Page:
Today we’re spending this article talking about Items in Ryuutama. It might seem a little silly to dedicate an entire chunk of the Let’s Study to it, but Ryuutama has a few neat twists with regards to items.
First off, Items are tools, armor and clothing that will aid a Traveler in their journey. Items are categorized into: weapons, armor, shoes, cloaks, staves, hats, accessories, food, sundries, camping equipment and containers.
Fans of videogame JRPGS will recognize this sort of setup and will likely enjoy checking out the item list in the book, but before that let’s have a look at the Traveling Rules.
Size and Capacity
All items in Ryuutama have a size of 1, 3 or 5. Size represents the items volume and heft, with Size 1 being something that can fit in the palm of your hand, Size 3 being something you can hold in one hand, and Size 5 requiring 2 hands to carry.
A Traveler’s maximum carrying capacity is equal to their [STR +3], plus any modifiers. A Traveler can only have items with a total size of up to their maximum carrying capacity before they start suffering a penalty.
Items also have a durability value equal to their size. Rolling a Fumble (by rolling two 1’s) will reduce the durability of an item by 1 point. If an item’s durability is reduced to 0, then the item is effectively broken and will need repair.
Buying and Selling is done in shops in town or the occasional passing merchant. Buying is pretty straightforward, and Selling items nets you half the listed price in the book. Broken items can’t be sold though, so it would help if you had a skill to repair something before you try selling it.
As a fantasy setting it’s no surprise that some Items have magical qualities. But aside from that, Ryuutama has a whole host of Item Modifiers to represent the whole range of different items in terms of their make and quality.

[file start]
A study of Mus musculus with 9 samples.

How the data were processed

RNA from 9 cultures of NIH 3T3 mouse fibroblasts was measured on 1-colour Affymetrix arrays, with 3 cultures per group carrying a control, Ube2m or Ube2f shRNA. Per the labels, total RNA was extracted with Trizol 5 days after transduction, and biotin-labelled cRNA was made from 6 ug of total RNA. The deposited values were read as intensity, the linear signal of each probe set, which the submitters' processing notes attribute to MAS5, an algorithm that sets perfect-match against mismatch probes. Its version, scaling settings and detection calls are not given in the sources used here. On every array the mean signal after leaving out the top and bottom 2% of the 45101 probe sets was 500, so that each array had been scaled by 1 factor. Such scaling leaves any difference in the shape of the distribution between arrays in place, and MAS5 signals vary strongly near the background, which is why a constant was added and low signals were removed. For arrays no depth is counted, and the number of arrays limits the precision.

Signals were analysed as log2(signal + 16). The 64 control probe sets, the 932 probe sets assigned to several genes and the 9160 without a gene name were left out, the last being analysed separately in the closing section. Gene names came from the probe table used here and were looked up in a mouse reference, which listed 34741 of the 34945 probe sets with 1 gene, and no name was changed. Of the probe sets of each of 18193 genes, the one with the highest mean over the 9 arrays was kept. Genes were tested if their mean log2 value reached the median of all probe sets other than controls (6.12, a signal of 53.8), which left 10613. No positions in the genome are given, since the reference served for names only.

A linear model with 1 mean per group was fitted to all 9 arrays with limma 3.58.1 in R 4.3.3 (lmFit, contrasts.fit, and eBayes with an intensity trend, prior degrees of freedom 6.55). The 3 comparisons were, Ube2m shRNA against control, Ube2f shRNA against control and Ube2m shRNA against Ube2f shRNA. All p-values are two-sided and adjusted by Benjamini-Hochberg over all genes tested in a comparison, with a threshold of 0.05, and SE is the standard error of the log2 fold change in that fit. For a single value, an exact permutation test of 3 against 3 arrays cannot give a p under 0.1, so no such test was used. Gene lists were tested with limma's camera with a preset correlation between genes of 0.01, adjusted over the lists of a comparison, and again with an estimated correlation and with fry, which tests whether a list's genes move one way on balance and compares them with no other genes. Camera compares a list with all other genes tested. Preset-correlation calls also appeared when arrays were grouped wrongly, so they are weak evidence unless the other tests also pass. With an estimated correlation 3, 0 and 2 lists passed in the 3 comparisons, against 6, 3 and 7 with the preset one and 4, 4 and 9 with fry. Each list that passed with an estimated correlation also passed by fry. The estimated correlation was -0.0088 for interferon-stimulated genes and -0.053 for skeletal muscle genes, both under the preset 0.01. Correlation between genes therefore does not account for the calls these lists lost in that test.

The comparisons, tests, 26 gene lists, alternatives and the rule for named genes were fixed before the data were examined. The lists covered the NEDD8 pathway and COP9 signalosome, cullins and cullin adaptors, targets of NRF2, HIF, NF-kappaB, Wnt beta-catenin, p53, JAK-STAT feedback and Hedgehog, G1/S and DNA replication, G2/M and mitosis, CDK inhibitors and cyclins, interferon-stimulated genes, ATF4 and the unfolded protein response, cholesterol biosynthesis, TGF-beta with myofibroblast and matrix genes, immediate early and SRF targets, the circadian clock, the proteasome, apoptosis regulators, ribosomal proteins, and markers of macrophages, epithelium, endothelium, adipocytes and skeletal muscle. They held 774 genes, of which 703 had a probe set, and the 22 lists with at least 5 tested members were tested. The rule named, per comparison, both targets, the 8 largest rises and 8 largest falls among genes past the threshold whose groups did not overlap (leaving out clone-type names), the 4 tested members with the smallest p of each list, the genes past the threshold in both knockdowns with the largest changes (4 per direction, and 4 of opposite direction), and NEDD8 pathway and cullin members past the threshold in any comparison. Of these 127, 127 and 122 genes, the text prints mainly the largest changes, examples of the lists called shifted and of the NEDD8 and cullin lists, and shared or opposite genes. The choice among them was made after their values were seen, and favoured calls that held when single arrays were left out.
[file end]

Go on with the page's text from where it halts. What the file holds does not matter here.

Each of these modifies the cost of the item by a multiplier or by adding a flat amount to the total.
These range from “Cute” which applies a x2 modifier to the cost, to “Orichalcum” which applies a x50 modifier, and is effectively unbreakable and with a bonus to Max HP and MP of +2.
Magical Characteristics on the other hand, add a flat amount to the total value. One example of this is the “Shining” Magical Characteristic, which makes the item emit a light equal to a torch.
In addition to these, there are also “Facilities” which cover the costs for food, services and other goods. These also have various costs and a quick description of each, and any bonuses to the Traveler’s Condition Checks.
Weapons and Armor
Weapons are described with one stat line per weapon category. The means that a “blade”, be it a broadsword, rapier or other such weapon, will cost the same and have the same size, equip, accuracy and damage.
Armor is likewise general in the sense of being classified as light, medium or heavy armor. Shields are here as well, which change the attack check’s target number to the greater of the character’s Initiative or Shield Dodge values. More on that once we try out a sample combat later on.
Given that the game is all about traveling from place to place, special attention has been given to survival / traveling gear. These cover a whole range of environments, from Rainboots to Showshoes. Each one of these help with a bonus to checks against that particular environment.
Unlike some games where you end up hauling everything on your backpack, animal companions are normal for Ryuutama. A character can usually take one animal with them without having to worry about food and water. Merchants and Farmers have an ability to have up to three animals without worry.
Animals come in many forms, from Riding animals to pack animals and even pets. In additon they have cost modifiers to reflect their attributes from Clever to having a Bad Attitude.
This section covers the various other items for the game, including Rations, Sundries, Camping Equipment and Containers. Item kits are also discussed, with a quick party kit ready for starting parties.
Healing Herbs are plants that have various properties when consumed. Herbs are only viable for 24 hours. With the use of a disposable magic herb bottle you can keep them fresh for 7 days.
The listing of herbs is pretty extensive, and each one has a tiny effect that will be a boon to any traveler. It’s enough to make me want to play a Healer instead.
These Herbs are available in different terrain locations, and a careful party will keep an eye out for these.
Ryuutama’s attention to “mundane” detail in the Items is one of it’s charms. I love the way they can make the act of preparing for a journey something romantic and fun at the same time. It’s not just about packing your bags, but neither is it the Bear Grylls experience (unless your GM wants it to be.)
Ryuutama has a charm that is hard to explain by just an elevator pitch, but I can understand why it’s a game that people would definitely enjoy.